I’m preparing to present at my first in-person conference since before the pandemic, and I have no idea what to wear. What would be stylish, travel easily, be warm enough to withstand hotel air-conditioning, and stand out in a sea of black? — Yael, Bronx.
Ah, work travel. After two years of mostly Zoom events, packing for professional trips has become as unfamiliar as getting dressed to go back to the office. The first time I had to get on a plane again for fashion shows, I ended up with twice as much stuff as I needed because I couldn’t make a decision about what to take. Once upon a time I had it down to a science (kind of like a go bag but for work instead of birth or an emergency).
But that was then. Work looks kind of different now. We need different clothes. And yet when it comes to packing, some exigencies and the wardrobe remain reliably the same.
For example: Life is easier when you don’t have to iron. (Unless you are one of those people who find ironing meditative; they do exist.) Weather is unpredictable, and shivering in a meeting is not part of the agenda; nor is sweating. And given the seemingly endless issues with airlines and airports, a carry-on bag is almost always preferable to one you have to check. Which means packing clothes that don’t take up a lot of space.
What does that mean?
I asked Patrick Robinson, a former designer for Armani Exchange and the Gap, who left the establishment fashion world to start Paskho, a direct-to-consumer travel-focused brand, what he would recommend.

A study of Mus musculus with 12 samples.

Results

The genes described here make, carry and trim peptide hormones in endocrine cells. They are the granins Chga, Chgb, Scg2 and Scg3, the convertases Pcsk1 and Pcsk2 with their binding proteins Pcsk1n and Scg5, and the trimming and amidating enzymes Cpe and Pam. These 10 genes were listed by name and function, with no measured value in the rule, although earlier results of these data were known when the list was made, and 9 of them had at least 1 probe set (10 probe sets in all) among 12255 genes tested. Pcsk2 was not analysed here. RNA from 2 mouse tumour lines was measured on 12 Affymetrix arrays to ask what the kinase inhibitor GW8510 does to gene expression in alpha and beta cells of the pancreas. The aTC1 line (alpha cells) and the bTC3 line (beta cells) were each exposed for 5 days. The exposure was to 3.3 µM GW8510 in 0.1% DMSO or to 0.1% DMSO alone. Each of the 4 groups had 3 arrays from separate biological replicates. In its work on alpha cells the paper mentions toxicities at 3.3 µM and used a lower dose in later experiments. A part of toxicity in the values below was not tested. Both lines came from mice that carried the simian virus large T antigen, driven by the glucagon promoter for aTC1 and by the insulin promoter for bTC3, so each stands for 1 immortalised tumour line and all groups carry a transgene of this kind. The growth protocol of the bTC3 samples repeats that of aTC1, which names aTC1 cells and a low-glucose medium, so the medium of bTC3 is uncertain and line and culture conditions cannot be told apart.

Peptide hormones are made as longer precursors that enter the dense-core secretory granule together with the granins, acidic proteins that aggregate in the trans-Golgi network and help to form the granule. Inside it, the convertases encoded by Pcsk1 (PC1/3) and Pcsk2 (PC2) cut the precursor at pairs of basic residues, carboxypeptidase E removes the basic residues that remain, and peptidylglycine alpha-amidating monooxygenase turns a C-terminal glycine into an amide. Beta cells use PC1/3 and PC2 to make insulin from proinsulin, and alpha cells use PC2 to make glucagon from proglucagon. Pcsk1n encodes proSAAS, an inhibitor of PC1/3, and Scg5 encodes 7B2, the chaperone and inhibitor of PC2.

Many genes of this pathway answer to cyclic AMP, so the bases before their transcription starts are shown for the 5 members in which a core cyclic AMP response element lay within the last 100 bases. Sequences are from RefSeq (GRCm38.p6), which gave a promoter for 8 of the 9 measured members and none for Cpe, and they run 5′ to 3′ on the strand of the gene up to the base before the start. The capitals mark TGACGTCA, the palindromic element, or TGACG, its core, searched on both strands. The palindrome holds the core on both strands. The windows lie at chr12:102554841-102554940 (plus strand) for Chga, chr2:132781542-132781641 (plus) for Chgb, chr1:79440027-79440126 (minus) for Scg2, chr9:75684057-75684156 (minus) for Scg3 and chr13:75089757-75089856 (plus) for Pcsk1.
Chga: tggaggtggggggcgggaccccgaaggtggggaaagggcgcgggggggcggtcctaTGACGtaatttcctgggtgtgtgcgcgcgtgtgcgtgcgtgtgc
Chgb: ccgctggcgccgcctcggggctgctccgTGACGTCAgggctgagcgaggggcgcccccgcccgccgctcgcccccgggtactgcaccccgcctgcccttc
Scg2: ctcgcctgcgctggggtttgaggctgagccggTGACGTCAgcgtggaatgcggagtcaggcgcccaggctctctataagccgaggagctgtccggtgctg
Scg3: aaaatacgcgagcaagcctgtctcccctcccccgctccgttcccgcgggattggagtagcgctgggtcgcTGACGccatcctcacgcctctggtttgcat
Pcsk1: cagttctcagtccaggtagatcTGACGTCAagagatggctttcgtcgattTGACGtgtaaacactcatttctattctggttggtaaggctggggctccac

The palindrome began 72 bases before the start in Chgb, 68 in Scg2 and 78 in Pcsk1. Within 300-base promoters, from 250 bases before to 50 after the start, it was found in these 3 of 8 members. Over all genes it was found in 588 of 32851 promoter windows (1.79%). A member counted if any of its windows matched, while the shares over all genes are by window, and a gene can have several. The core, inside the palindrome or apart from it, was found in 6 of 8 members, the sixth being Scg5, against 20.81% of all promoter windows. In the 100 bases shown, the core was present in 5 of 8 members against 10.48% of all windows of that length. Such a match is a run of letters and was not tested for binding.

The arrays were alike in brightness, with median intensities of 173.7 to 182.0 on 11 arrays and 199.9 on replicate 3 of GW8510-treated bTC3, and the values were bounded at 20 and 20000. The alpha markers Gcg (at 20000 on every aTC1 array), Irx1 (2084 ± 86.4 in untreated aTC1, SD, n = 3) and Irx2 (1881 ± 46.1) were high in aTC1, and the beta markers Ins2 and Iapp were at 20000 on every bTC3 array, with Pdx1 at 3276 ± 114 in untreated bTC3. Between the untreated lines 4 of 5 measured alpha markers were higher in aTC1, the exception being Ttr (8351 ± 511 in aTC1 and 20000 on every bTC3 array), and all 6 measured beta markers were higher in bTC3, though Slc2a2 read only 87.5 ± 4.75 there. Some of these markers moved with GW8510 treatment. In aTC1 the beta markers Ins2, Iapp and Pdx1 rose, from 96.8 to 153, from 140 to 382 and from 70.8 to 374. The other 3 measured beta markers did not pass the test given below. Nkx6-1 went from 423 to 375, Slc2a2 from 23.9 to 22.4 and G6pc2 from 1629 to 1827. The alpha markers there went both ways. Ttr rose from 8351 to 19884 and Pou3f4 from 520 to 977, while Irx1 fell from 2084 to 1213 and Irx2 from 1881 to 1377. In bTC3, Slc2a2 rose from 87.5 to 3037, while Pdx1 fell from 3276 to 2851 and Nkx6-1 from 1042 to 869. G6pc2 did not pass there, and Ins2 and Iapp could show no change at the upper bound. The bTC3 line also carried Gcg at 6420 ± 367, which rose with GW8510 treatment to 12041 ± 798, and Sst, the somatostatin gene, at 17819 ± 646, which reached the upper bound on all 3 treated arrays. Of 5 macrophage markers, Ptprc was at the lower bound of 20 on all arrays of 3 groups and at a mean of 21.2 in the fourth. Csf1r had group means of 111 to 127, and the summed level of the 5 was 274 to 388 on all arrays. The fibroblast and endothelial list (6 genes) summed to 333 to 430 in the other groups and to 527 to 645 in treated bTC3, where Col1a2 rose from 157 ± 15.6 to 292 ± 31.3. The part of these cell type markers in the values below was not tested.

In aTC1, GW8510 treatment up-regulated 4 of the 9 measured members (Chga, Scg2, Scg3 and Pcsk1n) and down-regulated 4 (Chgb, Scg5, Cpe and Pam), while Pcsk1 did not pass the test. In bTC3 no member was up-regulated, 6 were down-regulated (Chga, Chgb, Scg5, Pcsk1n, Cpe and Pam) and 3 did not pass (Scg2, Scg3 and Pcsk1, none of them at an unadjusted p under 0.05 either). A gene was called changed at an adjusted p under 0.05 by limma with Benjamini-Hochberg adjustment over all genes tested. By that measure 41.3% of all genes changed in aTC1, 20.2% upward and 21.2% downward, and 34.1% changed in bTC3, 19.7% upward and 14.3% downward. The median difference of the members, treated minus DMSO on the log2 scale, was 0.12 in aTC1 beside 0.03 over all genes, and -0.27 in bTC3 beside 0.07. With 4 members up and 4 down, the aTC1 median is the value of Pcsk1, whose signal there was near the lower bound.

He had one word: popover. A popover dress, for those who don’t know, is a style invented by Claire McCardell, the patron saint of practical fashion and godmother of American sportswear, as a sort of do-everything garment. It was a runaway hit and later became the basis for all sorts of wrap dresses. It is, in other words, a garment that is eminently flexible and easy to wear.
Then, Mr. Robinson said: “Choose travel-friendly stretch fabrics that are made from extremely sustainable fibers and are easy to care for, like modal, Tencel, lyocell and mulesing-free merino. They are all wrinkle-resistant and breathable.” They can also be folded up into very small packages that fit nicely into an overnight bag. Finally, he recommended looking for “rich colors like navy, red, ginger, charcoal,” all of which, he said, “are easy to mix and match with the right accessories.”
Diane von Furstenberg, a.k.a. the queen of the wrap, is the obvious place to start. While DVF dresses are expensive, different iterations can be found on end-of-season sites like the Outnet and Yoox at more affordable prices. Also check out this Lauren by Ralph Lauren crimson wrap dress, a Tencel jersey version from Quince and this merino number from Wool&.
Then practice your packing technique. And, Mr. Robinson added, don’t forget the traveler’s secret weapon: a cardigan.